Study estimates prevalence of obesity in the U.S.

by Staff

The prevalence of obese people in the United States increased from 13% to 32% between the 1960s and 2004, according to the study. Some minority and low socioeconomic status group, such as non-Hispanic black women and children, Mexican-American women and children, low socioeconomic status black men and white women and children, Native Americans and Pacific Islanders, are disproportionately affected.

"The obesity rate in the United States has increased at an alarming rate over the past three decades," said Dr. Youfa Wang, lead author of the study and assistant professor in the Bloomberg School of Public Health’s Department of International Health. "We set out to estimate the average annual increase in prevalence as well as the variation between population groups to predict the future situation regarding obesity and overweight individuals among U.S. adults and children. Obesity is a public health crisis. If the rate of obesity and overweight continues at this pace, by 2015, 75% of adults and nearly 24% of U.S. children and adolescents will be overweight or obese."

The study included 20 journal papers, reports and on-line data sets. In addition, data from four national surveys — the National Health and Nutrition Examination Survey, the Center for Disease Control and Prevention’s Behavioral Risk Factor Surveillance System, Youth Risk Behavior Surveillance System and National Longitudinal Survey of Adolescent Health — were included in order to examine the disparities in obesity.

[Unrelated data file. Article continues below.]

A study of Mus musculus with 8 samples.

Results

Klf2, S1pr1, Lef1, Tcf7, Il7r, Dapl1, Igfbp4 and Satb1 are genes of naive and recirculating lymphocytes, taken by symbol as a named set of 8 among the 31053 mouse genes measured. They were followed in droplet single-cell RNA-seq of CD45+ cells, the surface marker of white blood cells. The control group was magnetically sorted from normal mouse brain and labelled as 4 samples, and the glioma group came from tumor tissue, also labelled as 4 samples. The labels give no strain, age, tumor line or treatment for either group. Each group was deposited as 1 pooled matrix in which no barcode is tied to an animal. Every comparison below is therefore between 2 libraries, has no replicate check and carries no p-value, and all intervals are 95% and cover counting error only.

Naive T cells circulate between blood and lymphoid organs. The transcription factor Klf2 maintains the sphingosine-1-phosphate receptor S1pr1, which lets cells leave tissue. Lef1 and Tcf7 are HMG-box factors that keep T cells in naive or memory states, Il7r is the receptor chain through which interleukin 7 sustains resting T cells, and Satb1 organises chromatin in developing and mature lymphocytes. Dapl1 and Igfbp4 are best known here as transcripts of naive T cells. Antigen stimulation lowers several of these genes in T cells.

Adults were defined as overweight and obese based on body mass index (B.M.I.) cutoffs of 25 and 30, respectively. Children at risk for being overweight and obese were classified as being in the 85th and 95th percentiles of the B.M.I., respectively.

"Our analysis showed patterns of obesity or (being) overweight for various groups of Americans," said May A. Beydoun, co-author of the study and a postdoctoral fellow in the Bloomberg School of Public Health’s Department of International Health. "Obesity is likely to continue to increase, and if nothing is done, it will soon become the leading preventable cause of death in the United States."

Other key findings from the study include:

• Sixty-six per cent of U.S. adults were overweight or obese in 2003-2004.

• Eighty per cent of black women aged 40 years or over are overweight; 50% are obese.

• Asians have a lower obesity prevalence when compared to other ethnic groups. However, Asians born in the U.S. are four times more likely to be obese than their foreign-born counterparts.

• Less educated people have a higher prevalence of obesity than their counterparts, with the exception of black women.

• States in the southeast have a higher prevalence than states on the West Coast, the Midwest and the Northeast.

• Sixteen per cent of children and adolescents were overweight and 34% were at risk of becoming overweight in 2003-2004.

• White children and adolescents had the lowest prevalence of overweight and being at risk of overweight compared with their black and Mexican counterparts.